Scourge and Transparency

The Rise and Fall of Advanced Social Journalism during the Early Twenty-First Century

“What did I say?!”


Dickhead/ Immediate amnesiac: “I just wanted to say you’re a very ugly person.”

Normal person: “Fuck you.”

Dick/ Immediate amnesiac: “What did I say?!”

Normal person: “Did you forget to take your medication? Were you hit in the head? Are you the guy from Memento? You said I was ugly, you fucking moron!”

If you’re the normal person in this situation you should consider suffocating your counterpart in their sleep to put them out of their misery. I don’t know if I’d want to go on living if I didn’t know what words were coming out of my own mouth at any given moment.

Of course I realize it is linguistically instinctive for people to respond the way of the above dickhead character but it doesn’t make any logical sense. Even if you didn’t expect the person you were speaking with to be offended you still are aware that when you open your mouth and move your tongue you may be capable of producing words that are audible to the human ear.

The problem is people are not honest in most conversations especially when discussing a topic of some aggravation. The same goes for when one needs to get something off one’s chest towards a person they know. One will usually preface by saying something to the likes of: “Don’t be offended, BUT…” or the always popular “I don’t mean to rude, BUT…” – these are also examples of conversational retardation. I always try and avoid the above quotes. You can’t tell someone not to be offended; it’s personal emotion, one that a second party can’t simply halt by saying so.

The same could be said for when you are giving someone shit for whatever reason and they respond by saying: “What’s your problem?” I don’t get this.  It’s as if they’ve just entered the universe and are only aware that another entity is unhappy but have no concept of the surrounding circumstances.

Normal person: “Excuse me but I can’t help but notice that you’re speaking on your cell phone too loud and I find it very distracting.”

Dick who has just entered earth: “What’s your problem?”

Normal person: “My problem now seems to be that I am speaking to someone with less a grasp of reality than the Rain Man.”

You always get the above-mentioned phrase from people with huge yet fragile egos that deflate or inflate with the most trifle of influences. You know who I am talking about, those dicks at bars or guys that flip on you because you teased them jokingly. What I don’t get about these dicks is why do they become so insecure when someone makes a friendly joke about them or happens to touch shoulders with them outside a bar? You would think they’d have more confidence because they are so eager to show off their awkward bar fighting skills. Is there something I am missing here? Does beating someone up because they made fun of you make your dick bigger?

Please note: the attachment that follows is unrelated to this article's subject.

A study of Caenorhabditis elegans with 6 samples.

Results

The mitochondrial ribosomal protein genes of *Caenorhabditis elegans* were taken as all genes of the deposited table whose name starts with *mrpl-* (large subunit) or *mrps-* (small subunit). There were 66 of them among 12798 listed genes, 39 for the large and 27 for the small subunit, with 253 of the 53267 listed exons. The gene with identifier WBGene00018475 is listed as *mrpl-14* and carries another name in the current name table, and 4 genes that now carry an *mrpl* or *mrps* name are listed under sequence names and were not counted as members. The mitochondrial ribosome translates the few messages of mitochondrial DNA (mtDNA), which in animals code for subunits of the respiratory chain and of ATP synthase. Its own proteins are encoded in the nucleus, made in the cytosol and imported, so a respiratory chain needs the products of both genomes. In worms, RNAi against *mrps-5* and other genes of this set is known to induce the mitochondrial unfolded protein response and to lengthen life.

I’ve also noticed that the few times I’ve happen to offend these insecure tough guys, by talking to them the same way I would speak with the majority of people that are comfortable with themselves, they always end up lecturing me on how to improve my people skills. Here’s a typical example of such a situation:

Me (a kind of normal person, speaking informally with what I thought was an acquaintance with whom I can speak freely and jokingly): “Hey, I see you’re using Splenda instead of sugar, I heard that’s what homosexuals use in their coffee.”

Someone (whom I thought could take a joke since they had insulted me in a cordial away on several occasions and these types of wise cracks only helped to strengthen our male-bonding): “Hey, you better watch what you say!”

Me: “Wouh, wouh, wouh….I’m sorry I guess I don’t have the advanced social skills you have. I was under the impression that people who know each other well enough can quip with one another, but apparently I was wrong. From now on I’ll go through my life as serious as a high-ranking Nazi Party official who beats people to a pulp because they inferred indirectly and illogical that they participate in erotic acts with those of the same sex. That’s how people should act with one another.”

Honestly, every time some dude who thinks fighting adds inches to their already shriveled penis is upset at my friendly mocking they always say something along the lines of “You better watch who you’re talking to!” or the always popular “Be careful what you say!” I’m sorry you sexually frustrated and obviously insecure individuals but I’m going to continue to mock people and assume that the size of their penises don’t have an affect on their ability to communicate with their fellow humans. I would contend that I, who can take a joke, am in a much better position to give advice on how to associate with individuals than those that threaten violence because of a sarcastic remark.

Maybe it’s me but I think I have a pretty sound grasp of reality and human discussion. And anyone who uses the above ridiculed phrases should either try being a bit more honest by owning up to their own utterances and/or attempt to understand that threatening someone you’re even somewhat close to with physical violence because they inferred you’re gay for an arbitrary and obviously sarcastic reason might not be the best way to go about your day-to-day life.